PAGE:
Creating quality corrugated depends on a few different factors. The process itself is fairly simple, but it requires a lot of different parts working in perfect harmony as well as good source material. One key part of that source material is the adhesive—a top quality adhesive can make finished corrugated material much better.
How Corrugating Machines Work
The process of corrugating begins with reels of paper being fed into the corrugating machine. Heat and steam is used to condition the paper and prepare it for the process. The central rolls of paper, known as the fluting medium, gets fed through rollers which give it a fluted shape. This wavy paper is then glued to straight paper known as linerboard using adhesive. Another straight piece of paper goes on the other side, again attached with adhesive to make a sort of “sandwich”, and then the finished corrugated gets cut and stacked.
Parts of Corrugating Machines
There are many parts that make up a corrugating machine. First is the feeder roll or rolls that pull the material into the machine. The single facer is the part that gives the fluting medium its fluted shape, and it is made up of a series of cylinders or rolls. The double backer glues the outer paper to the fluting medium, and it involves heating elements, and adhesive application units, in addition to the rollers to pull the material along. The bridge adjusts the speed of the double backer. The hot plate section removes moisture and strengthens the bond of the adhesive.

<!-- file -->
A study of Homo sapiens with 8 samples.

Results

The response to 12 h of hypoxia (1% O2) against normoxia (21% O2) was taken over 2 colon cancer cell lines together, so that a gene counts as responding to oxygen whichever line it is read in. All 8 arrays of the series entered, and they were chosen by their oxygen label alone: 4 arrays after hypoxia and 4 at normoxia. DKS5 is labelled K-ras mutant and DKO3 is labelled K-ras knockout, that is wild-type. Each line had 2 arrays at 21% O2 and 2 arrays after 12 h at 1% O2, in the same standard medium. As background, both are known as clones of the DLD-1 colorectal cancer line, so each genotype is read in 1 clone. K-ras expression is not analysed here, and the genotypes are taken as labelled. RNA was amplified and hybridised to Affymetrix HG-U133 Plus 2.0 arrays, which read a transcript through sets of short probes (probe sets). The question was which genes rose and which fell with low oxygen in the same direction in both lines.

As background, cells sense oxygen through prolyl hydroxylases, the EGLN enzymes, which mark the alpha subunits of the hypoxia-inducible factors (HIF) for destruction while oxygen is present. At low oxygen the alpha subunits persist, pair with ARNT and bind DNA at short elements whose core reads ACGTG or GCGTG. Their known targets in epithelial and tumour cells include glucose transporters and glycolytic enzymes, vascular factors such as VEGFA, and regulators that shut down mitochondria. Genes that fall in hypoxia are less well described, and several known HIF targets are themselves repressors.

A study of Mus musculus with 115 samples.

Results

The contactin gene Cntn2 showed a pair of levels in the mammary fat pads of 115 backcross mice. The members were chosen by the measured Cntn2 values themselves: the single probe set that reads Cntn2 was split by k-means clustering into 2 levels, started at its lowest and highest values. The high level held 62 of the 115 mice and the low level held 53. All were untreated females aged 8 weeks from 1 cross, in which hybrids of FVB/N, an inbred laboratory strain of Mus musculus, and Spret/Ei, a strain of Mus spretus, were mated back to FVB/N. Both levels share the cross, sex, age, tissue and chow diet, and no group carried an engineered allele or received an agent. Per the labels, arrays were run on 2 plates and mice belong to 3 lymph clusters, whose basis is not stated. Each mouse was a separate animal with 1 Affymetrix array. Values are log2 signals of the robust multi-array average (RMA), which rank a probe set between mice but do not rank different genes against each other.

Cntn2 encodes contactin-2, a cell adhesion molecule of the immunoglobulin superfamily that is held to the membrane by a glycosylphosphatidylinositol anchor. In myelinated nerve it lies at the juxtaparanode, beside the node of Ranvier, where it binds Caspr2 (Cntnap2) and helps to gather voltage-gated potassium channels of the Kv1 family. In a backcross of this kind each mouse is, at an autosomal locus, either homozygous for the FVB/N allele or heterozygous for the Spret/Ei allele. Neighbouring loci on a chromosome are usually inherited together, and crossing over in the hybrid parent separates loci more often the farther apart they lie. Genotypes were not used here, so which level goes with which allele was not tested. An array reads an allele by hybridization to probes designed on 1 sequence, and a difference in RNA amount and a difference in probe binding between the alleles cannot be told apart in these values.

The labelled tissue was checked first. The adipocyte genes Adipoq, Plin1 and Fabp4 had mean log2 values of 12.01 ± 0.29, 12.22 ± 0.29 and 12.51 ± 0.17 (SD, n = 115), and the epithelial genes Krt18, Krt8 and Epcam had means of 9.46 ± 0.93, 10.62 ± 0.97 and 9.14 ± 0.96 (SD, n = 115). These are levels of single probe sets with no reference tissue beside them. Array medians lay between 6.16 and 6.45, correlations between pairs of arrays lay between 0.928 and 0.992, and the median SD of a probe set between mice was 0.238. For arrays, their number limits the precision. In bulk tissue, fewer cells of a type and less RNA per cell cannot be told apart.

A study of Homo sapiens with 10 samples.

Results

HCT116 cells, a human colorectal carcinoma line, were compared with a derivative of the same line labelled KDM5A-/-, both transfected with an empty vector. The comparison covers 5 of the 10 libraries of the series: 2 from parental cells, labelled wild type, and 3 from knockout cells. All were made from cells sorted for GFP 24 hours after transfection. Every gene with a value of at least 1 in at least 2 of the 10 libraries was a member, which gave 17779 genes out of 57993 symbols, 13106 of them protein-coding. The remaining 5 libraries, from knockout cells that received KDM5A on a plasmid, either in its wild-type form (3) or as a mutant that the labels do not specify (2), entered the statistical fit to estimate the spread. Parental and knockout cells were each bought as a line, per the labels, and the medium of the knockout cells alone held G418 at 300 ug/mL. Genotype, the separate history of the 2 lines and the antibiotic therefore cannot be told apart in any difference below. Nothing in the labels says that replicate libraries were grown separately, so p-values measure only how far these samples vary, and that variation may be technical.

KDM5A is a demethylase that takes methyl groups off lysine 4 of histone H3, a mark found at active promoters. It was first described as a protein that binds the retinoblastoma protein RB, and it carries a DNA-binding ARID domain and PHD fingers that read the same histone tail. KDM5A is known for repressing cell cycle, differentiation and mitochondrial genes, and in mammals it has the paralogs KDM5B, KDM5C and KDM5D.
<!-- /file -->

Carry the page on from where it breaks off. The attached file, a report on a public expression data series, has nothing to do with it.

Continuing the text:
The finishing process begins with the rotary shear, which cuts out damaged lengths of material. Next, the slitter/scorer slits and scores the material in different patterns, depending on what the finished product is supposed to be. The cut off knives cut the material to the final size to be used and the stacker stacks the sheets of finished corrugated automatically.
The Importance of Adhesive in the Corrugating Process
Since corrugated material is essentially a fluted piece of paper glued between two other pieces or paper, you can imagine that the glue is fairly important. The stronger the adhesive, the better the finished product will hold together. Factors like bond strength, water resistance, and heat and cold tolerance are all good things to consider when assessing the quality of corrugated adhesive. Adhesives for this purpose are often starch based, and some carry the added benefit of being made from renewable resources, like corn.